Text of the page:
Impact of Mood Problems Worse on Patients With Longer Disease Course
Mood problems have a greater impact on quality of life among Parkinson’s patients who have had the neurodegenerative disorder for a long time, compared with those who are earlier in their disease course, new findings show.
The results were published in the International Journal of Geriatric Psychiatry, in the study, “Mood in Parkinson’s Disease: From Early to Late‐Stage Disease.”
Mood disorders like depression are common among people with Parkinson’s. Indeed, as many as 60% of patients will experience depression at some point during the disease’s course. It is likely that the biological processes of Parkinson’s itself contribute to the development of depression, researchers say — though stress that comes from living with the disease also likely plays a role.
Although depression is acknowledged as a major problem for individuals with Parkinson’s, little is known about when in the course of the disease such mood problems are most common — or most problematic.
In the new study, the researchers aimed to determine how disease duration is related to the frequency of depression and other mood-related problems in people with Parkinson’s. The team also sought to assess how such disorders impact patients’ quality of life. To this end, the researchers analyzed data from the COPPADIS cohort, an observational study of people with Parkinson’s in Spain.
A variety of assessments were completed by study participants at various disease time points. Of relevance, the patients’ depression symptoms were assessed using the Beck Depression Inventory-II (BDI-II). Health-related quality of life (QoL) was measured with the 39-item Parkinson’s disease Questionnaire (PDQ-39SI), with overall QoL evaluated with the European Health Interview Survey-Quality of Life 8 Item-Index (EUROHIS-QOL8).
In total, data on 663 people with Parkinson’s were analyzed. The patients’ average age was 62.6 years, and 59.6% were male. Based on disease duration, the patients were divided into three groups: Group A comprised 332 people who had a disease duration less than five years; Group B included 221 people with a disease duration between five and 10 years, and Group C included 110 individuals with a disease duration longer than a decade.
There were no significant differences in BDI-II scores between the three groups, nor was there any statistical evidence of a significant association between BDI-II scores and disease duration. About half of participants in each group reported symptoms indicative of depression.
No differences were found among the groups in the various types of depression, as classified based on BDI-II scores.
“The present study of a large population of PD [Parkinson’s disease] patients observes that depression is frequent in PD and suggests that the frequency of different types of depression (major vs minor vs subthreshold) does not change over time,” the researchers wrote.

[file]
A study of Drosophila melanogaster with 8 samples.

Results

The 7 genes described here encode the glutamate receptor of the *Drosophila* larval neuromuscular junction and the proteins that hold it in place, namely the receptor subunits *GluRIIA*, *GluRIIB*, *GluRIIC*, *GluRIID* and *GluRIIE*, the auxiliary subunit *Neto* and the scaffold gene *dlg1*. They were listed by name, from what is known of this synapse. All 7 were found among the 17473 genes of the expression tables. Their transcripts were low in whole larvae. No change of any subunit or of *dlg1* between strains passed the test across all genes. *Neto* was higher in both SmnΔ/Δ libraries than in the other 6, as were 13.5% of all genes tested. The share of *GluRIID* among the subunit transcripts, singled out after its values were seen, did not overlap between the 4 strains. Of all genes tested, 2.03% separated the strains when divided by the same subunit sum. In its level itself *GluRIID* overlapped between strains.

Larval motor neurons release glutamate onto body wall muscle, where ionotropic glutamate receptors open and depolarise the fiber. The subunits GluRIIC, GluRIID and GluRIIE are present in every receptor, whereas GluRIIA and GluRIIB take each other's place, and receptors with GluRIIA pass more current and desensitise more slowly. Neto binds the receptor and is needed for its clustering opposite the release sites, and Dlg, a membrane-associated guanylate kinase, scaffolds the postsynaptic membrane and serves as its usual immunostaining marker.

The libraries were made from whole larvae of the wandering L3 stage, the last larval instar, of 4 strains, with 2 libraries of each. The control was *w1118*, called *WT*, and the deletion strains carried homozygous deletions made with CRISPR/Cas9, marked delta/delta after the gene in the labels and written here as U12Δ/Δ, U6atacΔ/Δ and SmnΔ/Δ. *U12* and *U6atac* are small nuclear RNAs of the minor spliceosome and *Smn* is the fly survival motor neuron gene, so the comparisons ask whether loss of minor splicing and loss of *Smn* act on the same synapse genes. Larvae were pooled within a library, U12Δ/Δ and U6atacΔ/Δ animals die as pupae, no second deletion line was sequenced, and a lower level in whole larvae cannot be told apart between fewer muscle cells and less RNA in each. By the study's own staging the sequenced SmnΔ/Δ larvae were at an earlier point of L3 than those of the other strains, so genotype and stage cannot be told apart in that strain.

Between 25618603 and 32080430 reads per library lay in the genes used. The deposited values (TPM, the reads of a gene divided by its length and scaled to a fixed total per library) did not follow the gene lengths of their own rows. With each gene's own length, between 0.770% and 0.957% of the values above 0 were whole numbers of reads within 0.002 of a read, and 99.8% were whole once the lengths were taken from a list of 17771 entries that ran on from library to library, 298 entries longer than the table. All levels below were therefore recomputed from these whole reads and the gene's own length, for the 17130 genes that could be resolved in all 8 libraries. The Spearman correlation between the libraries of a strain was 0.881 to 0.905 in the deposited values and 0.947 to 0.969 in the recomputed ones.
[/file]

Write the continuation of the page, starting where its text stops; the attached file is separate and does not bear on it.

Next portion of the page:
Using statistical models, the investigators calculated the extent to which the two health-related quality of life measurements could be explained by other analyzed factors, including BDI-II scores. For both PDQ-39SI and EUROHIS-QOL8, BDI-II scores were a significant influencing factor — which mathematically suggests that depression has a substantial effect on quality of life.
Interestingly, the percentage of health-related quality of life variance explained by BDI-II scores was substantially higher in Group C than for the other two groups: 23.7% (Group C) vs. 8.5% (Group A) and 6.5% (Group B) for PDQ-39SI, and 26.93% (Group C) vs. 12.46% (Group A) and 12.89% (group B) for EUROHIS-QOL8.
“We observed that the magnitude of the effect of mood on QoL seems to be greater for patients with long disease duration. … In other words, in PD, depression could be no more frequent in the long-term but its effect could be more disabling,” the researchers concluded.
The team suggested that this might be because, after years of living with a chronic disease, mood has a greater effect on daily life and patients’ expectations are lower.
“From a practical point of view,” they added, “in the evaluation of all patients with PD, it is always necessary to ask about depressive symptoms since depression is frequent regardless of the evolutionary moment of the disease and to pay special attention to the fact that in patients with a longer disease duration the impact of depression on their perception of QoL may be greater.”
This implies that providing treatments targeted at easing depressive symptoms might be of particular benefit, in terms of health-related quality of life, for people with longer disease duration.
Further research is needed to validate these results, the investigators said. In particular, they stressed the need for long-term observational studies following the same patients over time — as opposed to a cross-sectional study such as this one, which assessed different people with varying disease durations.
The investigators also said that the inclusion criteria of the analyzed cohort, such as excluding people with dementia, mean that the results might not be applicable to all people with Parkinson’s.